Access to Miers records denied


WASHINGTON -- President Bush said yesterday that he would resist calls from Congress to release documents from Harriet E. Miers' White House service, setting up a possible standoff with senators over how much information they are entitled to know about his choice for the Supreme Court.

Senators of both parties complain that Miers - who has held three White House jobs in the past five years, including counsel to the president - is largely unknown outside the White House. As a result, Republicans as well as Democrats have said they might not vote for her unless the White House voluntarily provides at least some materials that demonstrate her qualifications to sit on the nation's highest court.

At the close of his weekly Cabinet meeting, Bush flatly rejected the suggestion.

"It's a red line I'm not willing to cross," the president said, arguing that releasing such materials would cause aides to hold back unvarnished advice in the future.

"We are not going to destroy this business about people being able to walk into the Oval Office and say, `Mr. President, here's my advice to you, here's what I think is important,'" Bush said. "And that's not only important for this president, it's important for future presidents."

The chairman of the Judiciary committee, Sen. Arlen Specter, a Pennsylvania Republican who is overseeing the congressional confirmation process, suggested that the president and senators might be able to reach a compromise over release of documents that don't contain confidential advice.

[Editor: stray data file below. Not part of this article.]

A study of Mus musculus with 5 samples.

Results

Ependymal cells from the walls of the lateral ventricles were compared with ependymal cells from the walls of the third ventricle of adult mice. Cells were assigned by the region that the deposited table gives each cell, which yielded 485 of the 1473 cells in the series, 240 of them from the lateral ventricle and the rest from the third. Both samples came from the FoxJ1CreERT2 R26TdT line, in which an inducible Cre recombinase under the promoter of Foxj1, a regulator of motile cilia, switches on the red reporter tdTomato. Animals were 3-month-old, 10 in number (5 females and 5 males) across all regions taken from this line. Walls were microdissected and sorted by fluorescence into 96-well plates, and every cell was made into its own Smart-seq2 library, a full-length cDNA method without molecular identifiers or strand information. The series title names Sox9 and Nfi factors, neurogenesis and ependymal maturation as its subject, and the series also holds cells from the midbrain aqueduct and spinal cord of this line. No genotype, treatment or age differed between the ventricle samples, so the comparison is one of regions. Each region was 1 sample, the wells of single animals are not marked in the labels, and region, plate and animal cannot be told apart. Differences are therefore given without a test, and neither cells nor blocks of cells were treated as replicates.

"A number of senators, including Republican senators, have asked that a search be made as to nonprivileged documents," Specter told reporters yesterday.

He suggested that a White House release of some documents might take pressure off Miers' performance during confirmation hearings set to begin Nov. 7.

Miers' nomination has encountered unusually stiff opposition from conservatives who feel her career does not demonstrate either outstanding jurisprudence or a commitment to conservative values.

Some conservative organizations are in the process of organizing a formal campaign against Miers.

"We are calling on Ms. Miers to withdraw her nomination, and if she does, we call on President Bush to use this opportunity to select an individual with impeccable credentials," said Joseph Cella, president of Fidelis, a Catholic anti-abortion political advocacy group.

Democrats have also demanded access to White House documents, and expressed dismay at the president's dismissal of the idea.

"The president says people need to learn more about Harriet Miers and senators on both sides of the aisle agree," Sen. Charles E. Schumer, a New York Democrat, said in a statement. "That is why we have asked for documents from her time in the White House that aren't covered by any privilege, and it is disappointing to me, and I am sure to all of us, that it looks like the White House is now refusing to agree to those requests."

The White House gave no indication the president was considering withdrawing her nomination. Nor did Miers herself, who paid a courtesy call yesterday to Sen. Tom Coburn, an Oklahoma Republican, one of a number of Senate Republicans who have expressed concerns about her nomination but have not said whether they would vote for or against her.

Maura Reynolds writes for the Los Angeles Times.

Baltimore Sun Articles
Please note the green-lined linked article text has been applied commercially without any involvement from our newsroom editors, reporters or any other editorial staff.